A rabbi, an imam, a bishop and a Druze walk into the Metro Toronto Convention Centre. No, it’s not the beginning of a joke; it’s the Parliament of the World’s Religions, which ran from Nov. 1 to 7 in Toronto.
Israel’s delegation to the conference consisted of Rabbi Eliezer Weisz, representing the Chief Rabbinate Council, Sheik Mohammed Kewan, chair of the Association of Imams in Israel, Sheik Moafaq Tarif, spiritual leader of the Druze community in Israel and Bishop Giacinto Marcuzzo, auxiliary bishop of the Roman Catholic Patriarchate of Jerusalem.
The Parliament of the World’s Religions started 125 years ago in Chicago. It’s held every three to five years, usually in Europe or the United States. This year, there were over 6,000 registrants.
“People will see that leaders of all these major religions are all as one, coming together. I think it’s a lesson for the world,” said Rabbi Weisz. “We could live together in other countries. We live together and we have to speak out against all the terrible acts and atrocities and the destruction of whole communities that is happening. I think we are a flag, an example.”
The four religious leaders all spoke glowingly of the religious freedom afforded everyone in Israel. They all expressed that they are optimistic that the pros of religious life in Israel greatly outweigh the cons, and were adamant about sharing that truth with the world.
“For me, it’s very important to show that there is much more good than bad and that there are many more opportunities than challenges. This is why I think this is a very important opportunity for me to come forward and send this message,” said Imam Kewan through a translator.
About 10 years ago, the leaders of the various religious communities in Israel established a council. The council meets every year in a different religious community and also holds one or two special events each year.
One important job of the council is to work with schools to teach students about religious coexistence. The religious leaders see it as their duty to promote peace and do whatever they can to foster harmony between the communities.
“We respect every human being as a human being, as God’s creation. It’s his creation and we have to respect it. We are all children of God. We believe that we were all born in his image,” said Imam Kewan, who added that, “In terrorism, there is no God and there is no religion.”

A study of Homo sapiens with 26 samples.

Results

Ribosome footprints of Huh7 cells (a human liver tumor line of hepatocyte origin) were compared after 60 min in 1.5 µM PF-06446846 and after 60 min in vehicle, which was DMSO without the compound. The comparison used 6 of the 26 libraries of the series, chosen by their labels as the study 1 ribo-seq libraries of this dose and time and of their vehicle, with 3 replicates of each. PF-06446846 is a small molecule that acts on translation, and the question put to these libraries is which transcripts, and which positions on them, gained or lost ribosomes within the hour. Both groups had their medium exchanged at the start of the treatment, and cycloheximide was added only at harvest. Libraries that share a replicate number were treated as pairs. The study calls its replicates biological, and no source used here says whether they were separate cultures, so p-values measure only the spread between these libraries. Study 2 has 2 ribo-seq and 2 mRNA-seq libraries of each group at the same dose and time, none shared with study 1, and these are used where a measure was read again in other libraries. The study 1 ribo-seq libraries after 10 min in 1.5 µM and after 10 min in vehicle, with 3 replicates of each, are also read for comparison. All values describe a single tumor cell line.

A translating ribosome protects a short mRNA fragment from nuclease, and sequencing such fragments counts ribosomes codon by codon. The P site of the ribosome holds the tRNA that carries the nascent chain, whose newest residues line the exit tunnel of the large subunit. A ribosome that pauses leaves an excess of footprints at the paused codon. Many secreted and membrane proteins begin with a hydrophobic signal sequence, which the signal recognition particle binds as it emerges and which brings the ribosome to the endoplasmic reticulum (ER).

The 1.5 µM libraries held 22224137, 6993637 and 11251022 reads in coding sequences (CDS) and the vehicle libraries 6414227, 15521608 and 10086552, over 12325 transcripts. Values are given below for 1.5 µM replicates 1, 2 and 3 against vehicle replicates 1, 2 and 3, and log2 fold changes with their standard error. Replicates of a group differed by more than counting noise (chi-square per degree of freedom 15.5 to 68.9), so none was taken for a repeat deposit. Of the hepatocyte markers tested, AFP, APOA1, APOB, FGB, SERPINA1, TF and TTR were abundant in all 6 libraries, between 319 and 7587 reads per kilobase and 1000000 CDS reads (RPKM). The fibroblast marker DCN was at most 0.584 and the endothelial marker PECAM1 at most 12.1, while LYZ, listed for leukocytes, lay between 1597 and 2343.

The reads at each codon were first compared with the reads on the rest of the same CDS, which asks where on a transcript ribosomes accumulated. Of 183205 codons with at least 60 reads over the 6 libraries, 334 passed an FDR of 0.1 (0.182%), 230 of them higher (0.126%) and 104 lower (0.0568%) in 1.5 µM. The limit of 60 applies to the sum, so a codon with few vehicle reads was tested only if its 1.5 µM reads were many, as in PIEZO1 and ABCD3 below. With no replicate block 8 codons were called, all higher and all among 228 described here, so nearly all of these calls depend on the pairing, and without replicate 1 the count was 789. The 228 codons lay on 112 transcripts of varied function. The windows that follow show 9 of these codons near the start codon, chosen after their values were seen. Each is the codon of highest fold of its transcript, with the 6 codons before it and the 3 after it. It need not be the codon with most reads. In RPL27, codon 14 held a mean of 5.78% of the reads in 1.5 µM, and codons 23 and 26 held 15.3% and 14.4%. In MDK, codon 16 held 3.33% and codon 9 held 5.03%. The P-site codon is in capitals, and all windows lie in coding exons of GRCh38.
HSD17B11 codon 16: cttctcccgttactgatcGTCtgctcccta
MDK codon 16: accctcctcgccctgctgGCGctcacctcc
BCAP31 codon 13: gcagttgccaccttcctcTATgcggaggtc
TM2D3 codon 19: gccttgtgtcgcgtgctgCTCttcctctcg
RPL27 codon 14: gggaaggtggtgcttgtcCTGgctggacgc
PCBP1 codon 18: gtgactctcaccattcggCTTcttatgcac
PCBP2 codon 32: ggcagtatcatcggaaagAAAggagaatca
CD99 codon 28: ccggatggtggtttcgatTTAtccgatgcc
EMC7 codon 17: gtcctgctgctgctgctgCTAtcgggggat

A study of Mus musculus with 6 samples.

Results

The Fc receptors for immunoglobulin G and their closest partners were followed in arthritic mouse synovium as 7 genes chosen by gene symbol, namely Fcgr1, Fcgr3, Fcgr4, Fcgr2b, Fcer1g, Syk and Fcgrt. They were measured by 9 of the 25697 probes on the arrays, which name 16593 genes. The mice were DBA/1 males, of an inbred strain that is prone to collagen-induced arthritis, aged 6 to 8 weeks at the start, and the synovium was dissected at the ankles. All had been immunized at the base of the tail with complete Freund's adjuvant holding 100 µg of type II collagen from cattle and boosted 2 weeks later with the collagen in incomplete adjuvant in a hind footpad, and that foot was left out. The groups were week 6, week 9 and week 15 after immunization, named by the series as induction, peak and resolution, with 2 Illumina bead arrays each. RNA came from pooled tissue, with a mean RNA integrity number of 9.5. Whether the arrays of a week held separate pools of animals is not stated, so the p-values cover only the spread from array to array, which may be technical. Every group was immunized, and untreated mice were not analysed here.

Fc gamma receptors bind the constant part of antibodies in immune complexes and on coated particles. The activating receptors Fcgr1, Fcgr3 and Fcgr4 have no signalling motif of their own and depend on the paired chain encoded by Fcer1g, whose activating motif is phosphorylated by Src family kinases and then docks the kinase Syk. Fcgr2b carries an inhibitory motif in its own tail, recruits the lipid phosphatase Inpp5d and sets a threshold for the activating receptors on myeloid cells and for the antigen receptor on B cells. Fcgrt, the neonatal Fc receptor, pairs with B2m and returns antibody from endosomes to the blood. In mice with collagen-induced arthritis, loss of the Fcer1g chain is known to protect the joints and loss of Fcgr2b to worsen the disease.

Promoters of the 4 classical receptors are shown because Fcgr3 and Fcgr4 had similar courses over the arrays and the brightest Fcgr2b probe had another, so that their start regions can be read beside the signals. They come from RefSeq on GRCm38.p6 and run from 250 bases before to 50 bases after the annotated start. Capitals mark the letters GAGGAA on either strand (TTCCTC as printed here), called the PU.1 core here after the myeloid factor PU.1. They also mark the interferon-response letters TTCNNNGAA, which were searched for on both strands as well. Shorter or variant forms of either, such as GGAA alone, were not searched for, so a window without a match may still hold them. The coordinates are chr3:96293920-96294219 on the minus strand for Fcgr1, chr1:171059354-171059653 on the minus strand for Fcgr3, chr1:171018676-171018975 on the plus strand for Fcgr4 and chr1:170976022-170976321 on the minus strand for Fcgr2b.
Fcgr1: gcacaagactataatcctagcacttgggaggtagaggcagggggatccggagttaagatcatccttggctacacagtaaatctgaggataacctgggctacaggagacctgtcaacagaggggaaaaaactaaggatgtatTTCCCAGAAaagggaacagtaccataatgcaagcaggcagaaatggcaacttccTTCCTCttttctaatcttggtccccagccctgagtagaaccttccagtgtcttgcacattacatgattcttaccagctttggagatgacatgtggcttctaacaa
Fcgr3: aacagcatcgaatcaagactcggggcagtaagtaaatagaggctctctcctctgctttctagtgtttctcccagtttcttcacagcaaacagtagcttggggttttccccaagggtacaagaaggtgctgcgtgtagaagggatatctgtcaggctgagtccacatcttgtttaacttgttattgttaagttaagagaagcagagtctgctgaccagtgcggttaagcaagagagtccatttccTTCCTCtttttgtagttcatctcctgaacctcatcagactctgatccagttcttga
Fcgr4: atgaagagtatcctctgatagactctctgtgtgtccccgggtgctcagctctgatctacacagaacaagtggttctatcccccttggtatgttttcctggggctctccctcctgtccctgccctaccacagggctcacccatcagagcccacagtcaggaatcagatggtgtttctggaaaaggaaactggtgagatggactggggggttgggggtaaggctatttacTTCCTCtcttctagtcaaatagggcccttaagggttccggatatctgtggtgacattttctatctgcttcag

The four men all strongly supported the recent “rings of peace” initiative, in which members of Toronto’s Muslim and Christian communities made circles in front of seven Toronto-area synagogues on the Saturday after the Pittsburgh shooting.
“We think this is a blessing to have these people of other faiths coming in solidarity and strongly condemn these acts,” said Sheik Tarif through a translator.
Sheik Tarif said he understands the tyranny of religious persecution, since the Druze community in Syria is oppressed, and therefore he understands the need to show solidarity between different religions and not just among one’s own.
He also stressed how the Druze community in Israel feels like an equal member of society.
“We feel that we have our share and our responsibility in handling the country and the country’s affairs. We have representatives in the government, in the parliament, in the IDF, in the police and so on and so forth,” he said.
Bishop Marcuzzo encourages anyone who visits Jerusalem to take a moment to watch the flow of people through the Jaffa Gate.
“The whole world passes there … Christians, Muslims, Jews, unbelievers even. All the pilgrims,” he said. The Jaffa Gate “is the theatre of Israel … the community, the common living, the common feeling of religions in Israel.”
Rabbi Weisz echoed the same sentiments.
“I’m here as a representative of the Chief Rabbinate Council, to say that we respect and admire all the other faiths in Israel,” he said. “We do our best and hope that they have all the privileges that they deserve. Total equality with the Jewish people who live in Israel. And that’s what we’re here for.”